Rhode Island couple balances eating their finds with environmental advocacy
By FRANK CARINI/ecoRI News staff
When it comes to mushrooms, Ryan Bouchard and Emily Schmidt are much more than “belly hunters.” Sure, the 130 types of wild mushrooms the Wakefield, R.I., couple has cooked with were all delicious, but they consider southern New England’s population of umbrella-shaped fungi more than culinary enhancers.
They didn’t create their start-up enterprise, Southern New England Mushroom Hunting, or publish a book/2015 calendar titled “Gourmet Mushrooms of Rhode Island” to rid the region of edible fungi. In fact, they are more concerned with educating people about the species’ role as pollution filters and ecosystem builders.
They deliver this mushroom message by focusing on their deliciousness.
“Wild mushroom flavors are indescribable. They make an awesome meal,” Bouchard said. “But what impact does hunting mushrooms have on the environment? We don’t want to promote the disturbance of nature.”
That’s why Schmidt, besides focusing on the nutritional value and health benefits of mushrooms, spends plenty of time studying the species’ ecological importance, most notably as a means to degrade contaminants. She is intrigued by mycoremediation — a form of bioremediation, the process of using fungi to deconstruct environmental contaminants. Some fungi are capable of absorbing and concentrating heavy metals in the mushroom fruit bodies.
“Whether a mushroom is edible or not, they can help save the planet,” Schmidt said. “The world of mushrooms is endless.”
Bouchard and Schmidt got much of their passion for and interest in mushrooms from the Audubon Society of Rhode Island’s Joe Metzen and fellow Rhode Islander Josh Hutchins, who has studied the species in Maine. They also ascribe to Paul Stamets’ view of the mushroom. Stamets, a mycologist with four decades of experience, is the founder and president of Fungi Perfecti.
Southern New England Mushroom Hunting offers lecture/slideshow classes, guided walks, cooking demonstrations and private lessons. The couple routinely gives presentations at public libraries.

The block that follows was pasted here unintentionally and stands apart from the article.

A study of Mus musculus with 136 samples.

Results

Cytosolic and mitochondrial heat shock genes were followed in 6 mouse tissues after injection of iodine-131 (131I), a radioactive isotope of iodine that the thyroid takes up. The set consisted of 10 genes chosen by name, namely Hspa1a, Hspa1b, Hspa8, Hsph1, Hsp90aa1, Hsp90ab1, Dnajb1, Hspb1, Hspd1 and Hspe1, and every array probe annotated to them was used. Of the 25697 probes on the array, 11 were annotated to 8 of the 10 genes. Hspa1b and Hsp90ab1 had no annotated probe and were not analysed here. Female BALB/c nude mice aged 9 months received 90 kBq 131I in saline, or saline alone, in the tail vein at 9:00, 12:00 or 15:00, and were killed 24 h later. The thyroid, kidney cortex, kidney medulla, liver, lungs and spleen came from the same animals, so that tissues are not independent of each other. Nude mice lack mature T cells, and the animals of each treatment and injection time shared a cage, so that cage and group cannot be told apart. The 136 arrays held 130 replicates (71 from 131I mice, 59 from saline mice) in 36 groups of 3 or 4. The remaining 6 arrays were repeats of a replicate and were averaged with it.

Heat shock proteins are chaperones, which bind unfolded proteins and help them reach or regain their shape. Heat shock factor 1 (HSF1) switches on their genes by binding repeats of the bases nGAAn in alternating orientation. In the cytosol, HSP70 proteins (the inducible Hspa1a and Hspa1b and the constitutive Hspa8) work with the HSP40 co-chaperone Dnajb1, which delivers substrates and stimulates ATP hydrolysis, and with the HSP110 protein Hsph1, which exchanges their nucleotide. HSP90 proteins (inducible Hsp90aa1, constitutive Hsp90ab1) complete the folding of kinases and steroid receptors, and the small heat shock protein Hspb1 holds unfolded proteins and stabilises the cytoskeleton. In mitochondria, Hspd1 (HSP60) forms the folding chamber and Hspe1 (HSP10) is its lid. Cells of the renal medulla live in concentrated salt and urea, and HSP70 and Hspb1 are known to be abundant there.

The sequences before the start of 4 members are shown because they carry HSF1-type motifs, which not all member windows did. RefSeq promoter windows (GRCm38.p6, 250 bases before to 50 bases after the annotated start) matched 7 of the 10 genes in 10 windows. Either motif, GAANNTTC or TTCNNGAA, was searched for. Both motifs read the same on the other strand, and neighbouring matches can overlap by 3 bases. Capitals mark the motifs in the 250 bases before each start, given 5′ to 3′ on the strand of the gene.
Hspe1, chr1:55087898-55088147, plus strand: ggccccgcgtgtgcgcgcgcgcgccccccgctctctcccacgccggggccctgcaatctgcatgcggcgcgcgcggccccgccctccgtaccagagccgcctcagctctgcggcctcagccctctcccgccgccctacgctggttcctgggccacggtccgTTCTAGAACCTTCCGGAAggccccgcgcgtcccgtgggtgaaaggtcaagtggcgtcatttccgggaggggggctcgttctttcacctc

“Gourmet Mushrooms of Rhode Island” is loaded with mushroom photographs, pages of information about the edible and inedible varieties and 12 months of 2015. Bouchard wrote the text and took most of the photos, with Schmidt providing the rest.
“We want to teach people how to safely hunt for wild mushrooms,” Bouchard said. “There’s ethics to picking wild mushrooms. You don’t want to upset the balance of nature, and you want to be careful when picking to eat.”
Bouchard said a person can making a living picking wild mushrooms in Maine and on the West Coast, but for most southern New England hunters, such as Schmidt and himself, it’s more of a hobby.
Both Bouchard and Schmidt said chicken of the woods, hen of the woods, lion’s mane and black trumpets are the choicest wild mushroom varieties they have discovered.
They warn prospective hunters to be prepared for funny looks from hikers, dog walkers and joggers when they’re out searching for wild mushrooms. More importantly, they note that many poisonous and deadly wild mushrooms look at lot like the delicious ones.
“Some of the varieties are intimidating even for experienced mushroom hunters,” Bouchard said. “There are dozens of deadly ones and others that will make you wish you didn’t eat it.”
To successfully find wild mushrooms, Schmidt said it takes planning, being a keen observer of nature, keeping track of the weather and understanding forest types.
“In other cultures, talk of mushroom season is part of coffee-shop conversations,” Bouchard said. “We want to help make mushrooms a bigger part of the local food movement; a bigger part of American culture.”